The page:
During the first year of life, the human gut is filled with bacteria and viruses that can affect an individual's health. A recent study identified as many as 10,000 virus species, many of them unknown, in the faeces of newborns.
An infant’s intestine in the first year of life is an almost completely unexplored universe. Now the mystery is a little less obscure thanks to a study published in the scientific journal Nature Microbiology by researchers from Danish, Canadian and French universities.
The authors wanted to focus not so much on the bacteria, which had already been the subject of thousands of studies, but on the viruses present. They analysed stool samples from 647 children in the group (a cohort, in technical terms) that had been set up in 2010 for the Copenhagen Prospective Studies on Asthma in Childhood (COPSAC). The researchers carefully examined the materials that had been collected and stored during the first 12 months of the infants’ lives, and thus managed to identify an incredible 10,000 virus species in their faeces, from 248 viral families, only 16 of which were already known. The other 232 were all described and named after the child in which they were isolated (they therefore have names like Sylvesterviridae, Rigmorviridae, Lauraviridae and Natasjaviridae).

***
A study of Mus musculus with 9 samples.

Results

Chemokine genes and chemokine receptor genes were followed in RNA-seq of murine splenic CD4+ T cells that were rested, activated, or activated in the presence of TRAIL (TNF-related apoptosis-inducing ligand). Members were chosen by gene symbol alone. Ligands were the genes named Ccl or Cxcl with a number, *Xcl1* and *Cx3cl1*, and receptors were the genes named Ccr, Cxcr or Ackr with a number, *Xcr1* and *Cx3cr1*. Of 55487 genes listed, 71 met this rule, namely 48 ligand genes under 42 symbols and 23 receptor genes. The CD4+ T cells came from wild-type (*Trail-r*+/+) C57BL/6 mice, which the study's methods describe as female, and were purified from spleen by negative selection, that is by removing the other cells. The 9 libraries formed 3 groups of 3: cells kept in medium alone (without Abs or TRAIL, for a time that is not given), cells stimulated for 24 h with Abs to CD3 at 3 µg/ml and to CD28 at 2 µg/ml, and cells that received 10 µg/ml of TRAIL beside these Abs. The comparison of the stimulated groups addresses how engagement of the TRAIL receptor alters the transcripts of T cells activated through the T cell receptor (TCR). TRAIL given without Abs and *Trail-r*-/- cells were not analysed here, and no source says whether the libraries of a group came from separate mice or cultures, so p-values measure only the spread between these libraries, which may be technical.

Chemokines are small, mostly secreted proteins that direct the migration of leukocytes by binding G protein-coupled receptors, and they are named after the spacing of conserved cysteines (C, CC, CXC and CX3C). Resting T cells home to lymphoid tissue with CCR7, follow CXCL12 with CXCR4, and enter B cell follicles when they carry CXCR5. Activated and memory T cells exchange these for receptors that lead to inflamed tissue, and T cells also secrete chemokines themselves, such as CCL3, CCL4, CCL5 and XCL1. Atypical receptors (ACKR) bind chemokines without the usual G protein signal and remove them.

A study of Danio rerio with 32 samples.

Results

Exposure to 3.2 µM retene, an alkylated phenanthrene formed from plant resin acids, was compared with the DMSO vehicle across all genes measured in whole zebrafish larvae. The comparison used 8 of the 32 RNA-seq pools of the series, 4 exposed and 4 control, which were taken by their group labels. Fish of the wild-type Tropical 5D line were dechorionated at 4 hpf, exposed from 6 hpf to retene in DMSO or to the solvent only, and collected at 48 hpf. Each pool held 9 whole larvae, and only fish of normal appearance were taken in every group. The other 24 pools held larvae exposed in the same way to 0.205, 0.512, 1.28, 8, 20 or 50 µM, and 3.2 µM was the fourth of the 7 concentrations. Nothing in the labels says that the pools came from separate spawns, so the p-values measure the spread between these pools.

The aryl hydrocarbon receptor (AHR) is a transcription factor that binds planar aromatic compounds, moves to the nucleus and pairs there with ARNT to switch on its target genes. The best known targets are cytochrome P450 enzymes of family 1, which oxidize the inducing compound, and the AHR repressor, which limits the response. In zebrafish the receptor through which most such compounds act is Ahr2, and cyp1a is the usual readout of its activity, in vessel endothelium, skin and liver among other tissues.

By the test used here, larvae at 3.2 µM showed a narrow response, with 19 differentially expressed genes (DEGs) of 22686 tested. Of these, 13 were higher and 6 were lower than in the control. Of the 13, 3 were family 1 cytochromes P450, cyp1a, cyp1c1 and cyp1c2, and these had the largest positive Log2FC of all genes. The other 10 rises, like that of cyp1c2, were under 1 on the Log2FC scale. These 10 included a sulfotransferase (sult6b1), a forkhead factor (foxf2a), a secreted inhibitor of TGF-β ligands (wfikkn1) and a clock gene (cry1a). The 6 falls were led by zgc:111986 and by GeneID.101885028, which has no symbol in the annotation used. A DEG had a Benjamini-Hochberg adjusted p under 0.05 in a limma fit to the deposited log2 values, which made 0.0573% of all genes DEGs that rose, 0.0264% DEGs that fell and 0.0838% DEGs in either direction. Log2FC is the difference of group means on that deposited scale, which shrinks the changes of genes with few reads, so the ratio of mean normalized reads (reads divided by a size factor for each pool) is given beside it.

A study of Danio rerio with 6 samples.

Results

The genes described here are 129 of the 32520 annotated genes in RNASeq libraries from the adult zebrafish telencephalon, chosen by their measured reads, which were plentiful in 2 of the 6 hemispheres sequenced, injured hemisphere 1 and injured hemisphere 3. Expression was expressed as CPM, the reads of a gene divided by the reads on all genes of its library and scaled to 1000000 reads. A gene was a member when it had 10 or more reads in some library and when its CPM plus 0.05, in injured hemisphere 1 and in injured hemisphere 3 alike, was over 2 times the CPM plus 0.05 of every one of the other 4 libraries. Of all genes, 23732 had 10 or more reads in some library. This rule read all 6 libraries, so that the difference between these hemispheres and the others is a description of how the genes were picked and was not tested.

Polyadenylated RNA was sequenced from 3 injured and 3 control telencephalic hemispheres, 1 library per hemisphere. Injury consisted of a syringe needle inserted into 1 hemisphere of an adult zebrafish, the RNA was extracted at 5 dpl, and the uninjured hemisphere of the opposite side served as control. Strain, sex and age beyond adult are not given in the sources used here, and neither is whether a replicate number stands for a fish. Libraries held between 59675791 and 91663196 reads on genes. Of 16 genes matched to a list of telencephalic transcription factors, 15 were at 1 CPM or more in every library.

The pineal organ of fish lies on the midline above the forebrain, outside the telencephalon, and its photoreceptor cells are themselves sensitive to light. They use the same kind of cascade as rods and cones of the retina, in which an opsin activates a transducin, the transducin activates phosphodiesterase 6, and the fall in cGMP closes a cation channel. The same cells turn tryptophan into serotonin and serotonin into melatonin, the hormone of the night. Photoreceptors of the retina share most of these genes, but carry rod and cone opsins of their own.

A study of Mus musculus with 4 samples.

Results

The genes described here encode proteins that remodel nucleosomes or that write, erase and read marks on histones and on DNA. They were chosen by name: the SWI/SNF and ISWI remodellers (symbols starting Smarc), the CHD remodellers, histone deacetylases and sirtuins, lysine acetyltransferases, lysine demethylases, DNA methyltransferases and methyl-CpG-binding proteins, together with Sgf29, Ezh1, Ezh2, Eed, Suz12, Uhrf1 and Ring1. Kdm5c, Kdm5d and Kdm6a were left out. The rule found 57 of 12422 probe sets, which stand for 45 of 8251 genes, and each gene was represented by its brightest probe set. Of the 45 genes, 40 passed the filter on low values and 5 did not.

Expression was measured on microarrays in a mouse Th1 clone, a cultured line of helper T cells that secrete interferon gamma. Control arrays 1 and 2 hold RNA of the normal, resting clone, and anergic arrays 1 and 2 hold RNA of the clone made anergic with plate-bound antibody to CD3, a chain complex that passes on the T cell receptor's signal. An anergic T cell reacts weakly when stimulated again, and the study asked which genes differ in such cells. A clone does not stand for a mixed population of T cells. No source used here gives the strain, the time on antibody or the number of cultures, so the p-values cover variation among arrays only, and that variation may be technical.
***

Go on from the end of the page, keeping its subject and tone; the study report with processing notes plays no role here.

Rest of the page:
Researchers discovered that in 90% of cases, these are not viruses that are dangerous to humans, but bacterial viruses, better known as bacteriophages (or more simply phages). This type of microorganism has been known for a long time, but it has attracted increasing interest in recent years, both as a target for potential therapies and for its role in the complex balance of the microbiota (the set of microorganisms that populate the intestine and other parts of our body).
Two different types of virus
There are generally, two types of bacteriophages: those known as virulent, and those, which are more common, known as temperate. The first kind reproduce within the bacteria they infect and produce 30-100 new viral particles in each cell, causing the death of the bacterium itself. However, temperate bacteriophages integrate their own genetic material into that of the infected bacterium, making their 'victim' more resistant and, for example, teaching it to metabolise nutrients more efficiently.
While the former are of interest for possible therapeutic applications, the latter are interesting for the transfer of genetic information and hybridisation between different species- phenomena that have yet to be completely understood, but are vital for studying the evolution of life and, probably, of many diseases.
The remaining 10% of the viruses found were micro-organisms typically adapted to human cells, and potentially pathogenic, although not all dangerous viruses become so. Indeed, it is thought that in the vast majority of cases, they serve to train the immune system to recognise a threat, part of the continually developing abilities that are typical of the first post-natal months.
Influence on adult diseases
As the researchers point out, what happens during these complex interactions may determine the health of the child, and also that of the adult the child will become. This is why mapping is an essential first step.
In the meantime, the authors are continuing both the in-depth study of the basic mechanisms of some of the viruses and phages they isolated, and to study their relationships with typical childhood diseases like asthma or ADHD.